As millions of people worked remotely during the Covid-19 pandemic, an interesting study has pointed out how some of them made a habit of using unorthodox spots at home for work: bedrooms, closets, couches and front yards/backyards spaces.
While one in three (32 per cent) said they work from a proper office, nearly as many (31 per cent) said their bedroom is their office, 45 per cent work from a couch regularly, 38 per cent work from a bed, 20 per cent work outdoors and 19 per cent even work from a closet regularly.
Seventy-one per cent of the people surveyed said they are "improvising" with respect to their workspace, according to the latest small-yet-significant study by US-based home services provider Craft Jack.
Seventy-four per cent of people surveyed said they've experienced pain and discomfort while working from home, 81 per cent experience it at least weekly and 51 per cent experience it most days or every day.
Most pain is felt in the back (56 per cent), neck (54 per cent), and shoulders (43 per cent), but nearly one in three people (31 per cent) experience hand and wrist pain as well. Sixty-four per cent made an effort to curate their background in some way, most commonly by people working in HR, recruiting, and accounting.
Those working remotely in legal, insurance, nonprofits and social services made the least effort in this area. Two in three people (69 per cent) have had either a partner, child, or pet unexpectedly show up on-screen during a video call, with pets being the most common culprits (43 per cent), followed by children (37 per cent) and partners (34 per cent), the report said.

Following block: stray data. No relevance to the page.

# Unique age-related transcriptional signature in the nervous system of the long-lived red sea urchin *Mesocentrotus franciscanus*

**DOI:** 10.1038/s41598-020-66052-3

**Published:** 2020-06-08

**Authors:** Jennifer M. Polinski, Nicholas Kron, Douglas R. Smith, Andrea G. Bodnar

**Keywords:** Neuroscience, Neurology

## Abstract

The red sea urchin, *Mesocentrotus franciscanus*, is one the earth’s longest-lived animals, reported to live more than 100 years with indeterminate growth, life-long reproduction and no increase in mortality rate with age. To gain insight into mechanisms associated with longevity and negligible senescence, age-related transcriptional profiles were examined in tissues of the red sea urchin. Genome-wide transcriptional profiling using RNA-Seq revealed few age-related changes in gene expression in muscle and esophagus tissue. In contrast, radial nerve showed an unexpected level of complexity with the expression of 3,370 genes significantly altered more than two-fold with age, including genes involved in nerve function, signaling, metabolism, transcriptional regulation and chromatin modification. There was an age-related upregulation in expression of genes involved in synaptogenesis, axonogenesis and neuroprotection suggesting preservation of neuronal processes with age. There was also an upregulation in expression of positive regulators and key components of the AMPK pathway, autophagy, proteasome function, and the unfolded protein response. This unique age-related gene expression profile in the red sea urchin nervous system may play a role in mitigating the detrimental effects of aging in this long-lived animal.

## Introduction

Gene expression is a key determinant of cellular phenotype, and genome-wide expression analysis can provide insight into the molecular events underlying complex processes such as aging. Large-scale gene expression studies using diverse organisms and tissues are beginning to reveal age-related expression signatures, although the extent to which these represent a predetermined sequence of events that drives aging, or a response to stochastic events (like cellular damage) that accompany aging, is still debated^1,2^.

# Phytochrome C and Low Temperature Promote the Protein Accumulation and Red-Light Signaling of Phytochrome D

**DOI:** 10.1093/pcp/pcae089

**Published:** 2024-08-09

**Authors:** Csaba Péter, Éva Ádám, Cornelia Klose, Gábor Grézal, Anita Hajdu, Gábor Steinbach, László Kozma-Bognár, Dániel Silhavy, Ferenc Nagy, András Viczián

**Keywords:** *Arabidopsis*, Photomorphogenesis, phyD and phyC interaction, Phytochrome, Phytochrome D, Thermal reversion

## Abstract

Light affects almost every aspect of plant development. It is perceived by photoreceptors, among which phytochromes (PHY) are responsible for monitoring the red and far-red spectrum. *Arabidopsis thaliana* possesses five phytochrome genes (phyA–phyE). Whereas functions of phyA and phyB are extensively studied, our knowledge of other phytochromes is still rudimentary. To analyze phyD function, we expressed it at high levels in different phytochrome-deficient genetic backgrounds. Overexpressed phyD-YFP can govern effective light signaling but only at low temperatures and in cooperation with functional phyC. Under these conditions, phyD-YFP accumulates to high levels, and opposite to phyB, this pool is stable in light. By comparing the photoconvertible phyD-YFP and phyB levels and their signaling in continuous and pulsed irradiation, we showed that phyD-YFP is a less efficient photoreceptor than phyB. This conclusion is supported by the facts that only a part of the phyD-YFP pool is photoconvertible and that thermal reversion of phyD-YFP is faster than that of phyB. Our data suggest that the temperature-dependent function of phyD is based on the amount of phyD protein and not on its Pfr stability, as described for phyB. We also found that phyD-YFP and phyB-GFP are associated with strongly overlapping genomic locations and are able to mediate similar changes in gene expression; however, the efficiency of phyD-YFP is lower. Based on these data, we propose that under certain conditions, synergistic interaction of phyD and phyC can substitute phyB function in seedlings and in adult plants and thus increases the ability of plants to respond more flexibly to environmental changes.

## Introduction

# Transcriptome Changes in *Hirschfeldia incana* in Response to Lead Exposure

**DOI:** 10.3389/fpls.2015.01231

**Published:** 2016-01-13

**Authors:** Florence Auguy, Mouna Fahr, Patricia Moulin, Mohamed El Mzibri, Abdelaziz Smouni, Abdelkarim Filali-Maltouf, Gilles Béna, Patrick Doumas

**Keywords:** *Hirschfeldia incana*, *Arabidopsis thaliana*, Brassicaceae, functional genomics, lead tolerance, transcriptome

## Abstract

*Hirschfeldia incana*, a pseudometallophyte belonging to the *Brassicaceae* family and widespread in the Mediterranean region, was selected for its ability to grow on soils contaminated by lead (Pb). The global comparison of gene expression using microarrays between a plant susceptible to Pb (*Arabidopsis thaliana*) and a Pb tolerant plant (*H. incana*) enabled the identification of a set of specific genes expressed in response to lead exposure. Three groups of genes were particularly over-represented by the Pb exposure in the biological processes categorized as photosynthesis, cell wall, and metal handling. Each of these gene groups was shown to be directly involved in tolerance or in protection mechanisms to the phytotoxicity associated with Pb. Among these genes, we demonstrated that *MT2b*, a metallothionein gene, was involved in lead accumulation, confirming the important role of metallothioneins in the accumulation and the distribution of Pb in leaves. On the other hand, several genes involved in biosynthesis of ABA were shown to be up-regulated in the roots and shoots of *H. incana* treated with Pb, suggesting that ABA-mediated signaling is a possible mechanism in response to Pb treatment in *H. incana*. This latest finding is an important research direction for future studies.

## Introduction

"Certainly, many people have limitations in terms of space, but much can be done with little, and you don't necessarily need to break the bank to look professional in the Zoom Age," the report said.
By now, at bare minimum, remote workers should have a dedicated, functional space that supports their bodies, appropriate accessories to look and sound professional on video calls, and something other than a blank wall in their background, it added.
While 91 per cent of people have done something to improve their workspace over the past year, 90 per cent have spent money as part of that process.
"More than half of those we surveyed have invested in a new chair, and one in four have gotten a webcam. Also of note, 58 per cent of respondents said their employer has chipped in either with money or supplies to support the development of their home workspace," the report noted.